What Is Lye?
Lye, also known as caustic soda, is a basic ingredient in soapmaking. But what really is lye? Aside from soapmaking lye is also used for food curing, known as food-grade lye, and also for tanning hides and biodiesel production.
Lye in Acid-Base Chemistry
Let us first try to understand what lye is through acid-base chemistry. Lye is the common name for sodium hydroxide, one of the strongest bases in nature, a chemical compound that can dissolve fats. Lye is the opposite of hydrochloric acid, one of the strongest acids, a chemical compound used in dissolving metals and some salts. Sodium hydroxide is useful for cleaning jobs inside the house such as drain cleaning, dissolving hair that clogs in the shower drain and dissolving fats deposits in the kitchen. Hydrochloric acid, on the other hand, is used mostly for cleaning concrete and removing rust from iron.
However, lye and hydrochloric acid are both dangerous to handle and can be destructive to the skin. It is always important, that when handling both chemicals, to use gloves and/or goggles to protect the eyes. In case you accidentally get sodium hydroxide or hydrochloric acid on your skin, reduce the effect by using vinegar and baking soda, respectively. The fastest first aid is to put the affected part under warm running water for about 5 minutes until all the chemical is washed off.
Lye in Soapmaking
In soapmaking, there are two types of lye being used: sodium hydroxide and potassium hydroxide. Sodium hydroxide is used to make solid soap while potassium hydroxide is used to make liquid soap.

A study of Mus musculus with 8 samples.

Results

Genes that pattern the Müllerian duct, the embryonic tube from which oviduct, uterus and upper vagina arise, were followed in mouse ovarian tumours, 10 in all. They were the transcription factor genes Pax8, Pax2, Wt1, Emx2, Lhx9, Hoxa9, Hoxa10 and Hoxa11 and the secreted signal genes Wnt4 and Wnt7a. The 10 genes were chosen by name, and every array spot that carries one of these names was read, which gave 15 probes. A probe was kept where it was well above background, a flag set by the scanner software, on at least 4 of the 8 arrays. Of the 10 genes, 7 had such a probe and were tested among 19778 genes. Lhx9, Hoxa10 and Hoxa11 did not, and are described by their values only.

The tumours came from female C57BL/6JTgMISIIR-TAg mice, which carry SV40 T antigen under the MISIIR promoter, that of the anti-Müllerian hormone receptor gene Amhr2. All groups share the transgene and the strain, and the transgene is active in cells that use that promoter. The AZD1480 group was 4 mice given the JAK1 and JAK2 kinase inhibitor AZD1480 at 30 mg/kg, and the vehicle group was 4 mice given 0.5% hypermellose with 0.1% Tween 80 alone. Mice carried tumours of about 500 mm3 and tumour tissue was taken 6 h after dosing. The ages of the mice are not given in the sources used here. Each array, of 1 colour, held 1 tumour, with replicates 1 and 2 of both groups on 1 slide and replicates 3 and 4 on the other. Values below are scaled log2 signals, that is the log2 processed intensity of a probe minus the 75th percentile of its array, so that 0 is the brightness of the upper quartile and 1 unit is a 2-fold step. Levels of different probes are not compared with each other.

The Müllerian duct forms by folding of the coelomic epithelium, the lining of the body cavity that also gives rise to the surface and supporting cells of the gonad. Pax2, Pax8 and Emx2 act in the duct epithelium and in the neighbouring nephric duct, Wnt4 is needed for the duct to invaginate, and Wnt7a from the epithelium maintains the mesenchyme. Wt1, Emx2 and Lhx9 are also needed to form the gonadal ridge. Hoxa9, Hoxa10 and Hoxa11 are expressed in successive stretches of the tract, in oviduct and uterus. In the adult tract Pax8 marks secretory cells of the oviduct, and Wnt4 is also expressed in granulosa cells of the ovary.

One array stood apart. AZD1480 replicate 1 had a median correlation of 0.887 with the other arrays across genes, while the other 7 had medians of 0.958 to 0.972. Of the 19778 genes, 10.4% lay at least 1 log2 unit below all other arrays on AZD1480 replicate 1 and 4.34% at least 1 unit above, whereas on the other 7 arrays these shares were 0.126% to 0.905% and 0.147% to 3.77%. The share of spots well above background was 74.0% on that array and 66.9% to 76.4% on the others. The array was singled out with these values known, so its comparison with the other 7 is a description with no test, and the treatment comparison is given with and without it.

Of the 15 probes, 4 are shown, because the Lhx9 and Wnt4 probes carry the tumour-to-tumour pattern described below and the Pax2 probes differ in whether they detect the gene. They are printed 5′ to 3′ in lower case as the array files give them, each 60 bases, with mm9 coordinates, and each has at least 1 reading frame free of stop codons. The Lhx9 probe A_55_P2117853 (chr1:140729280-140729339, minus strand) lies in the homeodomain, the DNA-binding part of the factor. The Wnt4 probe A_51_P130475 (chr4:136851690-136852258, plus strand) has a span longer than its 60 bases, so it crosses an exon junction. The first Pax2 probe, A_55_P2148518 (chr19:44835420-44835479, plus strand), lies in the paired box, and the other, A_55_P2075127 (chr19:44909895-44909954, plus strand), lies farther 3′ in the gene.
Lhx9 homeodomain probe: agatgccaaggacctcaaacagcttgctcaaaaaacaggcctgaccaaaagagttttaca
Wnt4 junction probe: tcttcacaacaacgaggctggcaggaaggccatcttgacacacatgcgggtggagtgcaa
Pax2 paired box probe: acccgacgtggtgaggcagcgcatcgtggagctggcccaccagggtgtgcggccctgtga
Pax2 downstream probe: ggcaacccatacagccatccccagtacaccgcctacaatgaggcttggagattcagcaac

Sodium hydroxide, commonly known as caustic soda, is mainly used as drain cleaners or de-cloggers. It is also used as an ingredient in the production of methamphetamine, an illegal and dangerous drug. Thus keeping large quantities of lye is controlled or regulated in some areas. However, for soapmaking, only pure sodium hydroxide is used. Lye comes in different solid dry forms such as powder, micro beads, granules, flakes, pellets and in liquid form or as a solution mixed with water.
Potassium hydroxide, commonly known as caustic potash, is mainly used in commercial chemicals such as fertilizers, alkaline batteries, potassium carbonate, agrochemicals and dyes. It is harder to find than sodium hydroxide and are usually used in manufacturing chemicals. Soaps made of potassium hydroxide are softer and can easily dissolve in water than sodium hydroxide soaps.
In soap recipes, sodium hydroxide cannot be substituted with potassium hydroxide and vice versa because soapmaking have different quantity requirements of these two chemicals depending on the kind of soap being manufactured. In addition, the quantities required for soap saponification differ when using caustic soda and caustic potash.
Lye Handling and Storage
Both types of lye are dangerous to both humans and surfaces like metal, paint, cloth, plastic and aluminum. It should be stored safely in a cool, dry place and away from the reach of children. It should be properly stored and labeled. Even the fumes of lye can be dangerous and must not be used when there is not enough air circulating around the area. This means that you should not close the door and windows in the toilet when using lye to de-clog the shower drain. Lye is not combustible when dry but when it comes in contact with water it can ignite and can start a fire.